Nobel in economics given for work on climate change and tech
Nobel in economics given for work on climate change and techEuropost
Just a day after a IPCC called for urgent action on climate change, the Nobel Prize in economics was awarded to one American researcher for his work on the economics of a warming planet and to another whose study of innovation raises hopes that people can do something about it.
In awarding this year's $1m economics prize, the Swedish Royal Academy of Sciences cited William Nordhaus for showing that "the most efficient remedy for problems caused by greenhouse gases is a global scheme of universally imposed carbon taxes."
A faculty member at Yale University since 1967, Prof. Nordhaus' won recognition for his work of "integrating climate change into long-run macroeconomic analysis". He was the first person to create a quantitative model describing the interplay between the economy and climate – which is now used to examine the consequences of policy interventions such as carbon taxes. He was also the first to suggest that warming should be limited to no more than 2°C higher than the world’s pre-industrial temperatures. His current work on what he calls his "G-Econ project" promises to provide the first comprehensive measures of economic activity at a geophysical scale.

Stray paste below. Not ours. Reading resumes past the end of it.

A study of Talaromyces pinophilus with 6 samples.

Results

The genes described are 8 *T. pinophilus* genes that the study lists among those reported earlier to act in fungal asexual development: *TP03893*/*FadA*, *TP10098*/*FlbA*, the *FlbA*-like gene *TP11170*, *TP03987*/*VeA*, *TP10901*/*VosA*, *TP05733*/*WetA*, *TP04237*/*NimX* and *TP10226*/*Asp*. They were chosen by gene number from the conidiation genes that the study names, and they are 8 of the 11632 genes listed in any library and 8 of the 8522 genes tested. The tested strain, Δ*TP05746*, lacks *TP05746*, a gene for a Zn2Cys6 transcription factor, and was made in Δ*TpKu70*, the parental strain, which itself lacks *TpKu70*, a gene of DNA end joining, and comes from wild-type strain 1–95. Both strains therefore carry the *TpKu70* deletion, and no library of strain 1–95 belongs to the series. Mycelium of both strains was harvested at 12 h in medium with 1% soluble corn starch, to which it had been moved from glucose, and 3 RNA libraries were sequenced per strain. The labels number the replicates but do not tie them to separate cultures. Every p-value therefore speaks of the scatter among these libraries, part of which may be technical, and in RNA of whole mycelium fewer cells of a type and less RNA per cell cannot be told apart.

On the other hand 63- year-old Paul Romer, a former chief economist at the World Bank and an economist at Yale University, has been recognised for "integrating technological innovations into long-run macroeconomic analysis” as he has laid the foundations of what is now called endogenous growth theory. Romer helped define the crucial role innovation plays in long-term economic growth, and pointed out a problem: Left to their own devices, people and companies won’t produce enough new ideas, because they don’t get paid for all the society-wide benefits they generate. That’s why governments should encourage their creation and dissemination — with policies ranging from public investment in fundamental research to anti-trust enforcement designed to reduce barriers to economic change.
The commitment of both economists to evidence and application is all too uncommon. Many academics have focused in recent years on building mathematically elegant, internally consistent models that bear little or no relation to what happens in the real world — a tendency that Romer has forthrightly attacked. So in recognizing Nordhaus and Romer, the Nobel committee has rewarded economics as it should be done. Study the evidence, employ it to build testable theories of how the world works, then use them to inform actual policy — and always be ready to change theories that don’t match the facts. It’s an approach that the profession as a whole would do well to emulate.